Under the Americans with Disabilities Act (ADA), it’s illegal to discriminate against an individual on the basis of his or her disability. This discrimination protection extends to anyone who is assumed to have a disability and also to those who associate with others who have a disability. This protection extends who not only employees but also any individual who is applying to work at the organization.
Employers must take action to ensure that their application and hiring process do not inadvertently discriminate against individuals with disabilities. Here are a few tips:
- Ensure your antidiscrimination policy includes disability discrimination; these policies should be distributed to everyone.
- Train everyone involved in the hiring process that avoiding disability discrimination starts with them. They should understand that:
- An applicant with a disability is entitled to reasonable accommodations even as early as the application process.
- If there are specific physical and mental requirements for all applicants, it’s acceptable to list those as part of the job description, and acceptable to ask all applicants whether and how they’re able to perform all of the required tasks, but it’s not acceptable to only ask those who may have a disability.
- It’s not okay to ask if a disability will be a limitation. Focus instead on asking how the job will be performed (as noted above), and be consistent by asking all applicants the same questions.
- It’s not okay to ask whether someone has a disability. If, on the other hand, the disability is obvious or the applicant has already divulged it, the topic of accommodations can be broached by the employer. Do note, however, that even if this comes up, it should not remain the focus of the questions, and the interviewer should not ask overly personal questions unrelated to the ability to do the job.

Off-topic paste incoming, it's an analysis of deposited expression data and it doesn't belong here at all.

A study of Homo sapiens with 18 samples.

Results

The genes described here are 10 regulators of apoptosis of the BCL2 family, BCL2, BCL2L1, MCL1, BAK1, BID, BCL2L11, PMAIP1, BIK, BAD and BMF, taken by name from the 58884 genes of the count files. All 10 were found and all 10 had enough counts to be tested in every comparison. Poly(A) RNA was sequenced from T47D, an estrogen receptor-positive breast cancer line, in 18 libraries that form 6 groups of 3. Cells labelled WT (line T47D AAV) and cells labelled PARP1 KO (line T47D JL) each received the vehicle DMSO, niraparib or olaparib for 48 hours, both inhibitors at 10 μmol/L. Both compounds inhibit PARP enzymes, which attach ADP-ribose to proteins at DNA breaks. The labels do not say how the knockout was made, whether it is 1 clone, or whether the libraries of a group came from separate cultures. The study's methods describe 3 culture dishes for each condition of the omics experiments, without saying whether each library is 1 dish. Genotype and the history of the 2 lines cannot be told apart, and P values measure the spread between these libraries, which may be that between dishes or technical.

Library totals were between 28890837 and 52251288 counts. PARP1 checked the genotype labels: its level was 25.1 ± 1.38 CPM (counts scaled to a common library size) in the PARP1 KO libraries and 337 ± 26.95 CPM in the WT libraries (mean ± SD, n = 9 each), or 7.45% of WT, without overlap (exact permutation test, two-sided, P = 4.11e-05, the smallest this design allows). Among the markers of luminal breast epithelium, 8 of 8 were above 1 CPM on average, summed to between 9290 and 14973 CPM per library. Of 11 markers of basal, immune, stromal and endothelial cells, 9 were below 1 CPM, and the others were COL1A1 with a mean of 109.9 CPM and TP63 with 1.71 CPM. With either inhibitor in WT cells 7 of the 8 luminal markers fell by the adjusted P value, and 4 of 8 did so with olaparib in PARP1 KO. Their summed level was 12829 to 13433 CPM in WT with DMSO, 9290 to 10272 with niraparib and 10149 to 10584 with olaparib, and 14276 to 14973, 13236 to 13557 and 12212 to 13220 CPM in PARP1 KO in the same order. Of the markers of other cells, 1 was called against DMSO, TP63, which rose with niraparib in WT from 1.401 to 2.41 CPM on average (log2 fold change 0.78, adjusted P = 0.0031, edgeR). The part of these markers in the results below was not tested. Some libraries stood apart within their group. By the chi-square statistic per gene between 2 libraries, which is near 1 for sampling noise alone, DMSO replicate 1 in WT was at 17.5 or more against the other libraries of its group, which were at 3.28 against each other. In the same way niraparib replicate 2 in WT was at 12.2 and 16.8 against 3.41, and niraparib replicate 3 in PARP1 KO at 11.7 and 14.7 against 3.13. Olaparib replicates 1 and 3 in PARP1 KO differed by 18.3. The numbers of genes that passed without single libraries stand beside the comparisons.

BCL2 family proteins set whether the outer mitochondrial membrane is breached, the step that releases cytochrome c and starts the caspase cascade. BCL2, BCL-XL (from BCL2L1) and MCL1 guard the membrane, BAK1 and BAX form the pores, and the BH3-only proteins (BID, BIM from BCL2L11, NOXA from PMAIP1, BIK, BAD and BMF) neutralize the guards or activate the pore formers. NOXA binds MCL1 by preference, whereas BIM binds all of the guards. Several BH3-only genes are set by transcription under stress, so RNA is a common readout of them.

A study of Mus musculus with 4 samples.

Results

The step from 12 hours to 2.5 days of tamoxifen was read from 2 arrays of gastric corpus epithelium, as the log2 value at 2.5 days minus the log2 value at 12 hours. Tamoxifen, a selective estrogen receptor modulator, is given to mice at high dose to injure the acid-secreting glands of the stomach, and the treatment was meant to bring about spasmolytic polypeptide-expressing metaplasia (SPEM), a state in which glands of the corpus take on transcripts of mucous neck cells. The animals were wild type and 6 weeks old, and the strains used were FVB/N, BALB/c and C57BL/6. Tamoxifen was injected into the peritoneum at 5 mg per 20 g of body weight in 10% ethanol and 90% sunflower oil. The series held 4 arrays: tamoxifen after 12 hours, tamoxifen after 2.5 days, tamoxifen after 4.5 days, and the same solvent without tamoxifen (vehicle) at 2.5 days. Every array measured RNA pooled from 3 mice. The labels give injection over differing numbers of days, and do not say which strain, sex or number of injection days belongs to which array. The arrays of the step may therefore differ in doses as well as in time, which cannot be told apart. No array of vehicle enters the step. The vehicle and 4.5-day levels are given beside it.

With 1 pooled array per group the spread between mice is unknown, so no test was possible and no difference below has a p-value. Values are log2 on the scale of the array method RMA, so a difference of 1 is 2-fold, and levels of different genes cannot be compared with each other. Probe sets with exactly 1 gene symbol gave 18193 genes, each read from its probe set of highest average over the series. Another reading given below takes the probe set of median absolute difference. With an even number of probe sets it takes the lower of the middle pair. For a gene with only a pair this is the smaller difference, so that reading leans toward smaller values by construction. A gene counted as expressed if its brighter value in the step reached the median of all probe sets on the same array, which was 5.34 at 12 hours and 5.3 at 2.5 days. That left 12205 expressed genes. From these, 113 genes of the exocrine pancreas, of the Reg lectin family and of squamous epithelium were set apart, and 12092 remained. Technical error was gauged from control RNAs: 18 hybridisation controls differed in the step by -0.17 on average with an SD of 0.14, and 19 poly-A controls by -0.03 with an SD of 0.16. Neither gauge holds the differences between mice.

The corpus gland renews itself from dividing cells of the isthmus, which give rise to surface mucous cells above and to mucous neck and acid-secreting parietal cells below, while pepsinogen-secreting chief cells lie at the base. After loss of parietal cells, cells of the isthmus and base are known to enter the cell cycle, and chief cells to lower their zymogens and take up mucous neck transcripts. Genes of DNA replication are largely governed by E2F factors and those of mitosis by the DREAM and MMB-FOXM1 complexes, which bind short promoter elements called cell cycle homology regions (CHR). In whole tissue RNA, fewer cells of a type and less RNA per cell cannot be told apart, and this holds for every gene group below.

- Remember that mental health is also covered under the ADA. Ensure those involved in the interview process understand that a history of mental health concerns should not be an automatic disqualifier for a job.
- It would be inappropriate to make assumptions about an individual’s capabilities.
- Don’t require any type of medical examination before making a job offer.
- If you do require a medical examination after an offer has been made, ensure it is job related and that all employees hired into similar roles are treated the same. The general rule is that any medical exam must be “job related” and “consistent with business necessity.” With any required medical exam:
- It should be clear exactly why the exam is required and what it is for.
- It should not screen out candidates unnecessarily. For example, there’s not usually any reason to exclude a potential new employee for things like high blood pressure, high blood sugar, high cholesterol, or any other item that may be discovered during a medical exam that is not directly related to the job at hand and the ability to complete it with or without accommodation.
- It’s also worth noting that even with a medical exam that is job-related, there may be additional considerations. For example, if the examination is testing some type of job-related ability, some applicants may be able to do the job if they have a reasonable accommodation. It would be beneficial if the employee understood the purpose of the exam so that he or she could request a reasonable accommodation in advance if required.
- Steer clear of asking about family medical history, as that may violate the Genetic Information Nondiscrimination Act (GINA).
This list is just the start. In tomorrow’s Advisor, we’ll continue with more tips on how to avoid disability discrimination in the hiring process.